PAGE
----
Paying For A Family Reunion When Money Is Tight

One of the most valuable things in life is your family. Those who are blessed with family they love and care about might be overjoyed at the thought of seeing their family as often as humanly possible. For others, they get dragged kicking and screaming to their family reunion every 3-5 years. No matter if you love your family, despise them, or somewhere in between, the majority of us have to attend family reunions at some point.

Family events can be a stressful topic in and of themselves, so one thing you will not want to worry about, in addition to whether or not your aunt Lucy will comment on your quarantine weight gain, is money. Oftentimes, family reunions can be a significant expense as families have to organize food, a place big enough to hold everyone (even a park can have a rental fee depending on the area), matching t-shirts if you’re that extra, etc. The good news is, most families only have a reunion annually which gives an entire year to plan and prepare. With every family member contributing something a large goal of say $1,000 can feel like less of a load.

This is where PennyProfit can help ease the burden of financial strain that a reunion can bring. One family reached out to let me know about their plans to create a family reunion Jar on the platform. I thought this was such a great idea because it gave every family member the opportunity to contribute in their own way. For those who were more well off financially, it was as simple as sending a lump sum into the Jar when it was first created and moving on. For others whose finances were a bit more tight, they contributed round-ups over time and were able to reach their contribution goal by the time the reunion rolled around. Sound neat, right? But what does it look like in practice? Here’s a hypothetical that closely mirrors this families’ real life experience.

Goal: $1000 contributed toward Family Reunion Jar for Reunion April 2020*

*These guys pre-planned and opened their jar in June of 2019.

How everyone made their contributions:

Aunt Sara has always been the organizer of the family. She created the Jar and set 30% of her round-ups to go into it. She chose not to have a cap on her contributions in case someone else was a little short of their goal by the time the reunion rolled around.

Uncle Paul contributed $50 upfront and then set 10% of his round-ups to go there. He did not want to contribute over $100 so he set a max contribution limit.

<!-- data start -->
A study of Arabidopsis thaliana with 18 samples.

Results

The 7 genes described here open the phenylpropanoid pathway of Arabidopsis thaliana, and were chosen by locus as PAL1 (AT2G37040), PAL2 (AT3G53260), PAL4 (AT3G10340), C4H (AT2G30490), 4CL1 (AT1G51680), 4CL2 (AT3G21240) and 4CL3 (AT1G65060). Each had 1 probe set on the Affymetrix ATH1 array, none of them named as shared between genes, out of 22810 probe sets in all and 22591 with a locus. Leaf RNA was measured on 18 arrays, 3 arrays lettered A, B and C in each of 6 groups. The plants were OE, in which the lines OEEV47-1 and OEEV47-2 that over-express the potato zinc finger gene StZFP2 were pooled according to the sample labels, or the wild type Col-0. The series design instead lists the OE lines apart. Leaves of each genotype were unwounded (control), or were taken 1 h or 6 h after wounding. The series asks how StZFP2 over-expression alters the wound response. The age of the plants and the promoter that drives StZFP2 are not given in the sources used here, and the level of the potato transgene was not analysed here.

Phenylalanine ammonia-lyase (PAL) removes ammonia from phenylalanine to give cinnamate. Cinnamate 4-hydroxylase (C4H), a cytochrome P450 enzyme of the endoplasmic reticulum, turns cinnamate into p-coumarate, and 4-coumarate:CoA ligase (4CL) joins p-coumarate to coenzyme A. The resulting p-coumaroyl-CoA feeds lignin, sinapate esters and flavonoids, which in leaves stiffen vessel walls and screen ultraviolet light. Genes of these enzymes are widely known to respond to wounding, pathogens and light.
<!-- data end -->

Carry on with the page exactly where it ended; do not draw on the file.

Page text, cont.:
Cousin Jake is in college and always a little short on cash. He could not have stomached a big chunk going out of his bank account so instead he chose to contribute 30% of his round-ups over time. He did up his round-up contribution to $1 rather than the nearest whole dollar because he wanted to get the family reunion paid for more quickly so he could allocate that 30% towards the newest Last of Us video game Jar as soon as possible. Once he reached his max contribution of $45 he switched his split percentage that night.

Grandma didn’t want to deal with having a PennyProfit account long-term because she prefers to spend in cash. Totally valid. Jake set her up with a quick, free account in order for her to contribute $85 up front. She contributed her portion and only uses her account once a year to fund this trip. Oh, and she uses it every now and then to send Jake a little college fun money!

Aunt Rachel never opened her email about the family Jar (perhaps on purpose?) and only knew about the Jar a few weeks before the reunion. Luckily, she is financially able to contribute a larger amount so she just sent $100 into the Jar a few nights before the event.

Uncle Charlie never remembers about the family reunion until he receives 4 texts from Sara the night before confirming that he is coming. He decided he will just always have 5% of his round-ups going towards that Jar so his portion is never missed.

Other family members did more of the same as these guys. They either contributed lump sum amounts, took portions of their round-ups, or did a combination of lump sum and round-ups. Some members set max contributions because they only wanted to pay their “fair” share, while others left open goals in order to contribute as much as they possibly could within the allotted time frame. Whatever method was chosen, all of the family members were able to work towards a common goal in the way they felt comfortable that suited their personality and financial situation.

Now, while this was a hypothetical, however, from what I’m told it very closely aligns with the family who created a reunion Jar’s story. Each family member contributed in his or her own way and they had plenty of cash when it was needed. Unfortunately, their reunion ended up being a little wonky (and virtual!) since we are living in the crazy year of 2020. They made a new Jar and I’m wishing them the best, most fun, in person family reunion in the world in 2021!